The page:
First Great Western and Avon Valley Railway to host late September Bristol Railway festivals

Published 4th September 2012

Bristol to host Autumn Railway Festival with passenger trains running on the Portbury Branch Line

BRISTOL - First Great Western (FGW) is hosting the 2012 Community Rail Festival at Bristol Temple Meads Station on Saturday 29 September.

Highlights for many will be the chance to travel on a special charter train from Bristol Temple Meads along the Portbury Branch Line, through the Avon Gorge and below Brunel's Clifton Suspension Bridge.

The line is currently used solely by freight services but is the subject of a re-opening campaign for passenger services. This line may be reopened for passengers as it has been included as an option in the next Greater Western Franchise competition about to be launched by the Government.

Tickets and times to Portbury

The trains depart Bristol Temple Meads at 0905hrs, 1108hrs, 1209hrs, 1512hrs and 1608hrs and each one is limited to carrying 100 passengers. Given that this amount of passenger trains have not run on this line since a series of steam hauled services in 1985, tickets are likely to sell out quickly.

These can only be purchased in advance through the First Great Western website. It is hoped these diesel trains will reach the Bristol Docks railway infrastructure as far as the signalling system allows, just inside the docks.

Free admission to the Bristol Railway Festival

Bristol Temple Meads is the location for the festival hosting a station gala with stalls, attractions and information, promoting the achievements of the various Community Rail Partnerships throughout the UK. Admission to the event is free.

Bristol Harbour Railway

This railway is a preserved line and runs on selected dates. The next event is over the weekend before the Bristol Festival on Sept 22 and 23. Steam train rides will be offered every 40 minutes between 11am and 5pm. A day ticket is just £4 and the engine scheduled for service is Henbury. This was built by local Bristol locomotive builders ‘Peckett’ and was built in 1937.

It is not known how long this line will be able to offer full rides on the currently available line as some of it is likely to be turned into a guided busway route from next year.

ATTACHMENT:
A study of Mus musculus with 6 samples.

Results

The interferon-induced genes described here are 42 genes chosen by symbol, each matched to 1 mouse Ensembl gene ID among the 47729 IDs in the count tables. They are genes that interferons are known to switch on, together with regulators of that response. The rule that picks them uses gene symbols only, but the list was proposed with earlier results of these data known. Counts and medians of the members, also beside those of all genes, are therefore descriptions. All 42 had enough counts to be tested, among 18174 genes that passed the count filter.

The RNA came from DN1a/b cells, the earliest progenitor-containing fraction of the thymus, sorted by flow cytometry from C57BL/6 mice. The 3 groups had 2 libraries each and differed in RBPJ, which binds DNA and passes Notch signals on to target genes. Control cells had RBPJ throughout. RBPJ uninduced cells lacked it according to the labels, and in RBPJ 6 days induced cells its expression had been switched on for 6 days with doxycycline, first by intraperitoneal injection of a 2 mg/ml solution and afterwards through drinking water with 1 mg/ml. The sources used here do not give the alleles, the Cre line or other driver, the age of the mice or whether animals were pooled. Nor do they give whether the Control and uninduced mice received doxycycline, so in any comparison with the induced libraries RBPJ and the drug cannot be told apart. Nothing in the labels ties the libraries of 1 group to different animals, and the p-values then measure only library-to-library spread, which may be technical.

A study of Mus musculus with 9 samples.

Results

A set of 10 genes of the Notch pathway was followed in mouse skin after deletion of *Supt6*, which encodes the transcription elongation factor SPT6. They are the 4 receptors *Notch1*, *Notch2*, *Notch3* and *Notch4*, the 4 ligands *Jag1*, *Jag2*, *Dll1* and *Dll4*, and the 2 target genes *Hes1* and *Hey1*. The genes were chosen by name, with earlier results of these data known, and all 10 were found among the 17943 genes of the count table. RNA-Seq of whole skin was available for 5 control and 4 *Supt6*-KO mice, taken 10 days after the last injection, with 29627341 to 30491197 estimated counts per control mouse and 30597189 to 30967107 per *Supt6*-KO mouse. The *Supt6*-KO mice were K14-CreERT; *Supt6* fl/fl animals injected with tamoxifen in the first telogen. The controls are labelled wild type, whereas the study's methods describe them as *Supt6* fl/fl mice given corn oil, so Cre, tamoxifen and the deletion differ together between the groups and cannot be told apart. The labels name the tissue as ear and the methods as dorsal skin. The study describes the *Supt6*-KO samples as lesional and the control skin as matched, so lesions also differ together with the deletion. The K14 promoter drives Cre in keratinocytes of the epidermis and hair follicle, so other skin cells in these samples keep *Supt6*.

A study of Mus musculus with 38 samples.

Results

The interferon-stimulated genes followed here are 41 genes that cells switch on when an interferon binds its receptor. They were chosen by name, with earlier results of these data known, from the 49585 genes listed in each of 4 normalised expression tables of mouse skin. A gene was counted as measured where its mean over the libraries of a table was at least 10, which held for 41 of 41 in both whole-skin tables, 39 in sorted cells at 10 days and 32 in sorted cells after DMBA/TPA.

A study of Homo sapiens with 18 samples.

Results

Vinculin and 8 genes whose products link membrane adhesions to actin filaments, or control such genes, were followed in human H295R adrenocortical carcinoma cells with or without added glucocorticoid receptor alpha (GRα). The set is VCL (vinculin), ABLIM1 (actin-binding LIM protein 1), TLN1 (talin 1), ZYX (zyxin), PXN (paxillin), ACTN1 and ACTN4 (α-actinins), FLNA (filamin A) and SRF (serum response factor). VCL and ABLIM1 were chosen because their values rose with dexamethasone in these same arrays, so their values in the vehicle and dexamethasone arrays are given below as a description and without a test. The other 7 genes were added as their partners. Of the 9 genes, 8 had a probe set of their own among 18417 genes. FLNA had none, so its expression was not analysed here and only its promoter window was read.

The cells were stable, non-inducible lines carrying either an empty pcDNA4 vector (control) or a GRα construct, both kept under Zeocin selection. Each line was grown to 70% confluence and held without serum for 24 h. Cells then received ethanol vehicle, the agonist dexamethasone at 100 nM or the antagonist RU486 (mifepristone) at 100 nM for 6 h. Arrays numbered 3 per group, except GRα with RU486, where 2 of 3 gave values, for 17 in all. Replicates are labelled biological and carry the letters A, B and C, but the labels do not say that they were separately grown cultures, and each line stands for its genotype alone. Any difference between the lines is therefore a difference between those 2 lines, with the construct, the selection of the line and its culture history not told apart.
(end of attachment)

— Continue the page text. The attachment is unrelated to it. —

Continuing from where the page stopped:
Avon Valley Railway celebrates the 50th Anniversary of ‘The Pines Express’

Bristol’s longer preserved railway is the Avon Valley Railway based at Bitton, just outside Bristol. It runs many different themed events such as Thomas, Murder Mystery and Dining trains. The line is several miles long and runs from Oldfield Common to Avon Riverside connecting with river cruises.

The line runs parallel with the Bath to Bristol cycleway and is on the former Midland Railway route the ‘Pines Express’ took until September 1952.Avon Riverside station opened in 2004 and is situated next to the River Avon.

Pines Express Commemoration weekend

Saturday 8th September 1962 saw the last ever Pines Express working between Bournemouth and Manchester, passing through Bitton. The AVR will be commemorating this event and running a special timetable. This will be based on as closely as possible, the ‘Pines Express’ workings through Bitton.

Both the Up (to Manchester) and Down (to Bournemouth) trains will be recreated with express, non-stop, steam-hauled passenger trains between Avon Riverside and Oldland Common (and vice versa). Also in service will be a DMU railcar operation to help recreate what happened 50 years ago.

Wallace & Gromit’s Grand Appeal for Bristol Hospice gets £1,000 boost

FGW staff have raised over £1,000 for Wallace and Gromit's Grand Appeal, The Bristol Children's Hospital Charity. The company has donated a pound to charity for every staff survey that was completed and 1,186 members of staff gave their views. FGW’s Steve Tyler, (central region General Manager) presented the Bristol Children’s Hospital with a cheque for £1,186.

FGW Staff raise money for charity selling badges

FGW staff have raised almost£1,000 for good causes by selling badges of their region. Drivers and depot staff from Swansea, Gloucester, Westbury, Fratton and Bristol each had a badge made for their place of work, donating all profits from the sale of the depot insignias to charity.

They said:

First Great Western Regional Driver Manager Rob Mullen said: “The railway is a fundamental part of the local community and each depot is a small community of its own. So I was looking for a way that our drivers could support a community charity of their choice and create a sense of pride in where people worked. So we built on the badge theme.’’

They designed and sold badges to raise funds for the Railway Children charity and for Help for Heroes.